The former dam at Bonnie Park not only halted any upstream migration of fish, but also pooled water behind it which resulted in uniformity of habitat on the upstream side. The project onsite served to not only remove this barrier so fish may now move upstream and downstream freely, but it also restored a more natural character to the stream in the area. The stream now has a diversity of habitat types instead of just pooled water, including sparkling riffles, runs and a few deeper pools. Diversity of habitat types means that a diversity of specialist fish species utilizing these areas will follow. The former fish population dominated by common carp, yellow bullhead catfish, white suckers and bluegill sunfish is expanding to also include species like rainbow darters, central bigmouth shiners (a state listed threatened species, stonecat madtom catfish (a species intolerant of water pollution) and over a dozen other species that thrive in the diverse habitat types that the rehabilitated stream section now offers.
Figure 1 The Mill at Albion, circa 1910. Courtesy of the Strongsville Historical Society.
Long before Bonnie Park existed this spot along the Rocky River was part of the small town of Albion. And, like in every community in the area in the early 1800s, people in Albion harnessed the power of water to use for grinding grain into flour. A dam was built in 1820s to control the flow of the river and provide a water source for the mill.
Most of the photos we have of old mills were taken after they were no longer in use. So they give an impression of a quiet, lonely space. But when mills were in operation they were busy, noisy, places. If you could travel back in time to a time when the mill at Albion you would have heard local farmers arriving with wagon loads of wheat and corn, shouting to be heard over the sound of the rushing water and grinding stones turning their grain into flour. You would have smelled the aroma of freshly ground grain and the earthy smell of horses.
By the early 1900s most small mills like this were no longer in use. Local farms grew smaller or disappeared and big commercial companies made the flour that could easily be purchased at local grocery stores.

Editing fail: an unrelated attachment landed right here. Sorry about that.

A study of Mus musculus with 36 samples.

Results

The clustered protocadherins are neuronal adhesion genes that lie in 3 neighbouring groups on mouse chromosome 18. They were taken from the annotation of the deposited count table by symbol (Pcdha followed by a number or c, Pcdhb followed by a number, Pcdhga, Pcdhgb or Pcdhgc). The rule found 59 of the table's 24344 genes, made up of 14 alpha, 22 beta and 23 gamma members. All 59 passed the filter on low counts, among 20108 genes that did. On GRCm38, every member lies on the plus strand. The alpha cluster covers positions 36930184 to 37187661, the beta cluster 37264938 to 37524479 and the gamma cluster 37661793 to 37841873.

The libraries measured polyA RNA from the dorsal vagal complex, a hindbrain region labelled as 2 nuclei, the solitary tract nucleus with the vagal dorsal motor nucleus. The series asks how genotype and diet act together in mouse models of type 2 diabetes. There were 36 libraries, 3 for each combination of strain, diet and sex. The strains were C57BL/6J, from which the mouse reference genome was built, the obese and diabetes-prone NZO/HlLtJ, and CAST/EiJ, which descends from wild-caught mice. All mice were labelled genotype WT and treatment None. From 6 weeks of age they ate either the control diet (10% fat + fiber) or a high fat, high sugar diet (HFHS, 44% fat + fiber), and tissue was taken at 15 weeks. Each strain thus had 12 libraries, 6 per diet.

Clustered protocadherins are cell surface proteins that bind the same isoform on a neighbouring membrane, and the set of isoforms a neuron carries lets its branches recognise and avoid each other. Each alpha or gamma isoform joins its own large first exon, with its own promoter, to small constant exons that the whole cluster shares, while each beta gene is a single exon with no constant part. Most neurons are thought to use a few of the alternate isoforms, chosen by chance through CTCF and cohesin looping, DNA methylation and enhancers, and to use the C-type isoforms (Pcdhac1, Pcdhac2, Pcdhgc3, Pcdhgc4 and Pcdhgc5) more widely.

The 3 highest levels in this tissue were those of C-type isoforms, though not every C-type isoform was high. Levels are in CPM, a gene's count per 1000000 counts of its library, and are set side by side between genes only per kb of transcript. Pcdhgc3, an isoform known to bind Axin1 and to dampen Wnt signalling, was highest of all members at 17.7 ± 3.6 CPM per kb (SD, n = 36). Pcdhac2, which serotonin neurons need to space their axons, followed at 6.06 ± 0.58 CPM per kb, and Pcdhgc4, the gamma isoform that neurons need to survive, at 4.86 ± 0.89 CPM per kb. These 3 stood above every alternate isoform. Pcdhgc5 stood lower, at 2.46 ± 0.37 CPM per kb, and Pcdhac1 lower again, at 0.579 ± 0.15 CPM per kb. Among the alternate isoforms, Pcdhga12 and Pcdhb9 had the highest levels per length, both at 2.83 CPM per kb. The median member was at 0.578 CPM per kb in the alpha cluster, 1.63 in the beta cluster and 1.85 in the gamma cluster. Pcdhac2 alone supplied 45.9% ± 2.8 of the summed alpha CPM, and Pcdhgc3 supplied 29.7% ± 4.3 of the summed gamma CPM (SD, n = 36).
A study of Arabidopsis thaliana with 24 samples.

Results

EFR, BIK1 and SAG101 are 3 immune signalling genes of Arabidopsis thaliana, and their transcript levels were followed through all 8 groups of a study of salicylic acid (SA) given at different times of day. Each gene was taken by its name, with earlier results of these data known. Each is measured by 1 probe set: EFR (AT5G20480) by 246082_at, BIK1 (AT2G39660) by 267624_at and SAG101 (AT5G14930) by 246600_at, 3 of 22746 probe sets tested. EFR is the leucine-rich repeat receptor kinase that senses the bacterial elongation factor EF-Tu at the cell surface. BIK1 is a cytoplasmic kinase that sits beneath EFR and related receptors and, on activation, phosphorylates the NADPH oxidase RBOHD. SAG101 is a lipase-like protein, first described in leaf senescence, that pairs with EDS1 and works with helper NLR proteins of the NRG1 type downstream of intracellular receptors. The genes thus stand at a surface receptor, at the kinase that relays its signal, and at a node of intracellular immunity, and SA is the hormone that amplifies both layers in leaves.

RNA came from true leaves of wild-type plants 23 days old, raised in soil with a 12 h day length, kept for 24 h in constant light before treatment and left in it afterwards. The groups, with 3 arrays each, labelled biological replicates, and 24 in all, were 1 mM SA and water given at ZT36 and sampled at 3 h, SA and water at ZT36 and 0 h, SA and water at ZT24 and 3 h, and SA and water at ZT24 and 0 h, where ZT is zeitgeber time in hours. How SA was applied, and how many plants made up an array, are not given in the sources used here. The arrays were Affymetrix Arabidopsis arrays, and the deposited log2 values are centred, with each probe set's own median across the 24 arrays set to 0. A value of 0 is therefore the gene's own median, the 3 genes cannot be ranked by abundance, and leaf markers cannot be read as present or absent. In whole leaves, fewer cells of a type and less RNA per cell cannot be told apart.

Figure 2 An example of commercial grain mills of the late 1800s. Courtesy of the Library of Congress Digital Images.
In Albion, while the mill was no longer is use, the old dam still stood. A man named Dr. Clyne used the pool created by the dammed-up river to create a swimming and boating area at his private picnic grounds named Bonnie Park, or “The Park Beautiful.” He left the old mill standing and added a small boathouse.
Figure 3 Dr. Clyne's boathouse and the old mill at Bonnie Park. 1932 Cleveland Metroparks Historic Photo Collection
Figure 4 1927 Advertisement for Bonnie Park
In 1932 the Clyne family sold Bonnie Park to the Metropolitan Park System, now Cleveland Metroparks. Using labor supplied by the Works Progress Administration, the park system built retaining walls, diving areas and a wading pool to enhance the swimming area created by the Dr. Clyne. It was still a noisy place, filled with the laughter and shouts of people having fun in the water. But by the 1950s water pollution brought an end to swimming era at Bonnie Park.
Figure 5 Swimming area in the Rocky River, 1945. Cleveland Metroparks Historic Photo Collection.
The old dam still stood for many years, though it no longer served a purpose. In 2020 the dam was removed to allow the river to flow naturally. The impact of many years of human use and abuse began to abate. While the use of the river has changed over time, Bonnie Park remains a beautiful spot for current generations to enjoy.